Friends overcome difficult circumstances to graduate and take big steps towards becoming teachers

Friends Jonathan Pollard and Rachel Kitchen have recently graduated from the BA (Hons) Children, Schools & Families (Top Up) at UCLan Burnley, after returning to study and completing the Foundation Degree in Children, Young People and their Services at Burnley College.

Rachel, from Burnley, gained a first-class honours degree and won Student of the Year. Rachel is a mum to four children, aged 5 to 13, and the youngest child has a range of extra needs due to being several disabled. This has helped inspire her current career goal to work in a SEN school.

Jonathan, from Rosendale, recovered from an emergency operation months before the end of the final year. He completed the course despite a lengthy recovery which affected his ability to concentrate and keep up with other students on the course.

Jonathan and Rachel recently returned to UCLan Burnley to talk to current third year students about their experiences and pass on valuable knowledge.

The covid-19 pandemic limited a lot of the teaching to online classes and the students joined other students on the third year with the BA (Hons) Children, Schools & Families, degree, which also runs at both UCLan Burnley and Preston. Also, some modules are shared with students from other UCLan courses.

Rachel Kitchen, Children, Schools & Families graduate

When asked about their motivation for picking the course, Rachel explained, “I’d always wanted to be a teacher. I’d been a nursery nurse and had other jobs that I couldn’t see myself doing as I got older. I was ready to take the next step in my career. This course felt like the best way into teaching. I am now doing a PGCE in partnership with Pennine Lancashire SCITT [School-Centred Initial Teacher Training] and Cumbria University. It’s really full on but I really like it. By the end of July, I should have my QTS and a third of my masters.

“I am currently on placement in a SEN high school but want to work in a SEN primary school or with SEN children. The course I’ve done has given me loads of experience in primary schools which has been brilliant.”

Rachel talked about the transition from foundation degree at college to the final year at UCLan. “It was a really smooth transition. The college course really set us up well to continue at university.”

Jonathan talked about his experience of studying during the global pandemic. “I found it hard studying online because I much prefer to be in the classroom with people.”

Rachel added, “Luckily, we had spent most of the first two years together in classes and we became good friends. That really helped when we were struggling as we could help each other get through."

"I’ve had lots of employment offers since I finished. I signed up for an agency and my phone didn’t stop ringing!"

Jonathan Pollard, BA (Hons) Children, Schools & Families (Top Up) graduate

Jonathan had worked in adult mental health for nearly 12 years before returning to higher education. “I came to an open day and was impressed by all the different options available after this course. My grandma was a teacher and I have other family that are teachers now, so I thought, “why not give it a go?”

“This year I’m at college to do my Science GCSE. I’m also a site supervisor at a school where I also do some TA work, so I’m getting more experience before I start my teacher training. I want to go into primary teacher – I’d like to work with Year 3 or 4 as I’ve really enjoyed that in the past.”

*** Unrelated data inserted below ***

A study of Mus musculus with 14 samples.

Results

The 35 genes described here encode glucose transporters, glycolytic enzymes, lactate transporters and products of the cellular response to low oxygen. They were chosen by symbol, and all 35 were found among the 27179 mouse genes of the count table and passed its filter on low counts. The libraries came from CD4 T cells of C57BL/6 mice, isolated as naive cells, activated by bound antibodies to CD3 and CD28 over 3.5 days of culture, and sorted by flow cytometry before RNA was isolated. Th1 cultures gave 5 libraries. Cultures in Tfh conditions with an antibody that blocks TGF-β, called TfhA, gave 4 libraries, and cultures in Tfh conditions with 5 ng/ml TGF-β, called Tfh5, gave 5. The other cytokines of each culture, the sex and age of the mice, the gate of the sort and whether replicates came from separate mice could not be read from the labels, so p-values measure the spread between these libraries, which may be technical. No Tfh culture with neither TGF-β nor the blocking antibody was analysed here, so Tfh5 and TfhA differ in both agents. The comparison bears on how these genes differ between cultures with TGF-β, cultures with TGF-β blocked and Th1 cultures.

One highlight was the graduation ceremony, with Jonathan claiming, “it was up there with my wedding day! I really wasn’t sure I was going to be able to complete the course, so it was a high achievement for me when I graduated.

“I was diagnosed with Cauda Equina Syndrome (CES) syndrome. I had to have two discs removed from my spine, I had compression of the nerves and I had spinal fluid leakage. I had an emergency operation within 24-hours of finding out. However, the big problem for me was after the operation, the medication made it hard for me to concentrate. I felt drowsy a lot and struggled to do my work. It took about three weeks to get off the medication but there were times when I thought about giving up. 

Rachel, Jonathan and friends outside the new Student Centre at UCLan Preston Campus
Rachel, Jonathan and friends outside the new Student Centre at UCLan Preston Campus

“I was online the day after the operation because I didn’t want to miss anything, but my lecturer went mad at me and told me to rest!“

The encouragement from other people of the course and my wife helped me through and I didn’t want to not finish after I was so close to the end. I ended up with a high 2:1 and I was really happy with that.”

Both students really took pride in their dissertation during their final year. Jonathon wrote about the transition of refugees into the UK, highlighting the challenges many refugees face in their journey from their home nation. Rachel focussed on education health and care plans in Early Years at primary schools. She noted the difficulties that policies have on families trying to secure a plan for children that desperately need it, and the different ways local councils implement their own strategies.

The advice that Rachel and Jonathan would give to anyone considering studying Children, Schools and Families would be to do it because of all the opportunities available at the end of it. Rachel highlighted the growing number of new jobs in the area and how the course gives a wide variety of options. Jonathan added, “I’ve had lots of employment offers since I finished. I signed up for an agency and my phone didn’t stop ringing!”

Find out more about studying Children, Schools and Families at UCLan at one of our upcoming events.